They are all over the city, but some are more special than the others — this flower seller, the harsh prose that is her life, the delicate blossoms that are her living, and a sniggering destiny
Upala Sen

Upala Sen   |   Published 05.02.23, 04:05 AM

Some people have an element of poetry about them. She is like that.

There are plenty of flower sellers in this south Calcutta neighbourhood. Dishevelled women at street corners with scant and scattered wares who sit from morning to late afternoon. Older men in short dhotis walking up and down the road every other evening with baskets of unsold bel. The shop boys who hover around the semicircle of flower stalls outside the big bazaar sell fancy flower arrangements. They will sprinkle tinsel on a bouquet of Bangalore roses, wrap orchids in dreamy pink paper. Inside the smaller market, there is a no-nonsense shop that stocks puja flowers. The generational shop in-charge does feverish business, constantly leaps off and onto the raised perch. Short story, drama, novella, aphorism… but all prose, definitely prose.


So many flower sellers, but none like her to my mind. Her, in a full-sleeved blouse and synthetic sari wound neatly, pin at shoulder and aanchal tucked at waist, teep, nose pin, earrings, always in place, jet black hair tied back in a neat bun, sitting amidst flowers. Her, of placid expression and limited words, only hands achatter, wandering over her wares constantly, now stitching, now sorting, now giving…

Her workstation is next to a grey column at the entrance to a small bazaar. She has been at this post the last 23 years. I have frequented this market for as many. I have been aware of her existence the last six.

At 8am every day she sets up shop, coming as she does all the way from Thakurnagar in North 24-Parganas, 60 kilometres (by train) from Calcutta. She tells me, “I wake up at 2am, take the 3.12 Bangaon local to Sealdah, and then another train to Tollygunge.” On a regular day she has 20 kilos on her head. Every Thursday, which is designated Lakshmi Puja day in Bengali households, she carries more and has to find a moote or hire a van from the station.

She arrives and the grey column turns golden, from the marigold strings she hangs up. She proceeds to arrange her flowers on a wide low table. Left to right, garlands of akanda, hibiscus, tuberose punctuated with roses, tuberose punctuated with nothing. Far back, bel pata, aam pata, durba ghas. She sits amidst her flowers.

There is a quote attributed to St. Augustine that goes, “If no one asks me, I know what it is.” If you’ve ever been to the market in the morning when she is at her post and then again post-noon when she has left, you will be able to tell what she does to the place just by being.

A nod, a smile, a pleasantry, that’s my regular exchange with her. In all these years I have never asked her name. Her bearing autosuggested “Shakuntala” — it could also have been the bees buzzing around the rajanigandha. At other times, I thought “Radharani” became her, though Bankim’s Radharani who couldn’t sell her mala at rath-er mela was but a girl.

Sometimes when I am exiting the market, I put my bag down next to her stall and catch my breath. And that is how I know she has so many regulars. She scans their faces and appears to know what each wants — 10 garlands on a Tuesday, two garlands every other day... Not that she is never taken aback. She sees the man in kurta-pyjama and a snuff waistcoat and starts to take out something, but he stops her. “Today, I will need a jaba mala with 108 flowers,” he says. Sometimes, as on New Year’s Day, she surprises her clientele by sticking a bunch of red roses in a used bucket of wall paint — a departure from her flower grammar.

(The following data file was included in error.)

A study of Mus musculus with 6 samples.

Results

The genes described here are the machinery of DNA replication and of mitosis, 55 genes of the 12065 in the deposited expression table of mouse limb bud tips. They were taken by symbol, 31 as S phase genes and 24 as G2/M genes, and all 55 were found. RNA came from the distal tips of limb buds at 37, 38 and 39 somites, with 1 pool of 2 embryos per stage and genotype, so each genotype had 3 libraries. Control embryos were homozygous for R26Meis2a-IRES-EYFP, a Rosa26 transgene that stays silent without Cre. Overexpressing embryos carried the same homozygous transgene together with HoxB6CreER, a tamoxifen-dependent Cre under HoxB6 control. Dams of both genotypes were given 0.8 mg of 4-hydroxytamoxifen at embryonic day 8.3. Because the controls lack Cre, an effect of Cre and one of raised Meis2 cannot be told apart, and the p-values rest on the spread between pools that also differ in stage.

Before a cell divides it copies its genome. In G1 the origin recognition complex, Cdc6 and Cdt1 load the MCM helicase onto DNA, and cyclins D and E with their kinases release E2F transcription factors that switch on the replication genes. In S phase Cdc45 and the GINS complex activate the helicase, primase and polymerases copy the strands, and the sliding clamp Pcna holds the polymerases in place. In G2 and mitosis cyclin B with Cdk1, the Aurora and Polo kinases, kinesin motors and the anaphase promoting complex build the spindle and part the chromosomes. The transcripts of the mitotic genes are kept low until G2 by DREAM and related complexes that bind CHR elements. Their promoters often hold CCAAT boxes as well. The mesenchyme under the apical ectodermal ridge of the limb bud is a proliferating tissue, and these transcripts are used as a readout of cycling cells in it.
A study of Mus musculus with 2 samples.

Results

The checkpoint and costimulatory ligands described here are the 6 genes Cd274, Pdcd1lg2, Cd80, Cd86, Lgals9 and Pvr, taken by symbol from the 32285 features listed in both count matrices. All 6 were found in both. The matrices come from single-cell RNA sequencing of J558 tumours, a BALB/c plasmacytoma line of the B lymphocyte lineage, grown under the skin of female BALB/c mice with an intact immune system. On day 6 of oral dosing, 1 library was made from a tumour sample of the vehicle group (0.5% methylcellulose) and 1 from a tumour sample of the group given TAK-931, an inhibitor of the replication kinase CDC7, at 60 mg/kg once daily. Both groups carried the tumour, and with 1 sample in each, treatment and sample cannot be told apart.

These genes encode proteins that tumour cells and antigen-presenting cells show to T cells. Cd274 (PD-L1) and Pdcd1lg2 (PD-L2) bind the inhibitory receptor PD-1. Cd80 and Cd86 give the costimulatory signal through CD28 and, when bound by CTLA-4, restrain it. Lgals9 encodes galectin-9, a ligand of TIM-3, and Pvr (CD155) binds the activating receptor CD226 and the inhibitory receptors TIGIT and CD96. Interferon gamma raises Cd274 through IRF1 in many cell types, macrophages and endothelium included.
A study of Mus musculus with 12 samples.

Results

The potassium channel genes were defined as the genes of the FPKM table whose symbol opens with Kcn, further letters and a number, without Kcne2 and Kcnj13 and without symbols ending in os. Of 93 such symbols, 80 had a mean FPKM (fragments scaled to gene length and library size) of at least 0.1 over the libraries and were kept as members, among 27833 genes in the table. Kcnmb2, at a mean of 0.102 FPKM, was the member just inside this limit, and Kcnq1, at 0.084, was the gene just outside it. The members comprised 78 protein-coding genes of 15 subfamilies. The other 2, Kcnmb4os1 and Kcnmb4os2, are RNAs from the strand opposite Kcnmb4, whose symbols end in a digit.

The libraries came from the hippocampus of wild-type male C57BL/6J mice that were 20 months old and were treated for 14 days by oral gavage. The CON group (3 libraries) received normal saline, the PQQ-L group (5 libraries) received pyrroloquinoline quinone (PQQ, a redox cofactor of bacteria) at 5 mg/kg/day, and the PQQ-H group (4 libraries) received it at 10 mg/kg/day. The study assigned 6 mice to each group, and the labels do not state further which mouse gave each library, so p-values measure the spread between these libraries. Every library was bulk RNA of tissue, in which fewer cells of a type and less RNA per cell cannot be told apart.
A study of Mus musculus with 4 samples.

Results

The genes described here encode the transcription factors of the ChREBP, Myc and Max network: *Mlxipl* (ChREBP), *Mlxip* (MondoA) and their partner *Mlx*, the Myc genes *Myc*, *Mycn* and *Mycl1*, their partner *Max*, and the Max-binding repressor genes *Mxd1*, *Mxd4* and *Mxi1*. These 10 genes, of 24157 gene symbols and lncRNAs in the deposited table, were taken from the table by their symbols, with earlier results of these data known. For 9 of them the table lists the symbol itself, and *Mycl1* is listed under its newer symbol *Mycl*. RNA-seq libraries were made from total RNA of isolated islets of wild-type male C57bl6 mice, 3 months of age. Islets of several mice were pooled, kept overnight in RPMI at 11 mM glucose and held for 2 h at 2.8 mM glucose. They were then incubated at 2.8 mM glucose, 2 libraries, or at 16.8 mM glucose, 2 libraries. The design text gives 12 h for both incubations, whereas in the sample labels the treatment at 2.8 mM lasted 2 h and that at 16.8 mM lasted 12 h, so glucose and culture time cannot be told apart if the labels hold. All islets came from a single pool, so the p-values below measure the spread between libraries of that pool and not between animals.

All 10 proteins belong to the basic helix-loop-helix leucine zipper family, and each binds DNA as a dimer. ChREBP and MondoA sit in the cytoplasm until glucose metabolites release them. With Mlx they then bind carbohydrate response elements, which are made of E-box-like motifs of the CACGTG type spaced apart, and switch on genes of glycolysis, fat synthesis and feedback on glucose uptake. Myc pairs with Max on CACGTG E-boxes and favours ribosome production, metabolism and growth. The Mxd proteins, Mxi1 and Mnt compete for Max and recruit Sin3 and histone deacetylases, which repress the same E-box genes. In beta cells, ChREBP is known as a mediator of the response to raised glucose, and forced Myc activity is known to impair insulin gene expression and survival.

Customers come and go. She quotes prices; they pay. When someone haggles, she does whatever she needs to do but with downcast eyes. In her demure disapproval she has the je ne sais quoi of a Raja Ravi Varma subject; had this been a painting it would have been titled — “A Flower seller’s Annoyance”.

She is done selling by noon. On the way back home, she stops at Thakurnagar Market to make purchases for the next day. Then there is outsourcing to do — so and so to make small garlands, so and so to make bigger garlands. It is not as if she does not know how to string a garland. She opens up speckled palms. “From this,” she says and fishes out a long needle.

Talking of needle pricks, getting her to talk about herself is excruciating. Having an element of poetry and being poetic are clearly different things. Our conversation goes like this. Was anyone else in the family in the flower business? “Yes.” Father? “No.” What did he do? “Worked on the farm.” Then who was in this trade? “Ma, didi.” Did they pass on to her some tips of the trade? “No.” But she must have learnt things? “Yes.” From? “Experience.” What kind of learnings? “Fresh produce is important.” Will she pass on these to her daughters? “I have two sons. They are not interested.” Why does she do this? “Abhab... want.” Is this tough work for a woman? “No. Why?”

I need to ask one last thing, for this story — her name. She replies, “There are six of us, sisters. Anima, Sabita, Champa, Iti, Kabita, Bithika.” Then adds, “I am Champa.”

Once upon a time, there was a farm labourer and his wife and they had six girls. They named only one of them after a flower, champa or Magnolia champaca, and she grew up to make a living off blooms.

I told you, some people have an element of poetry about them.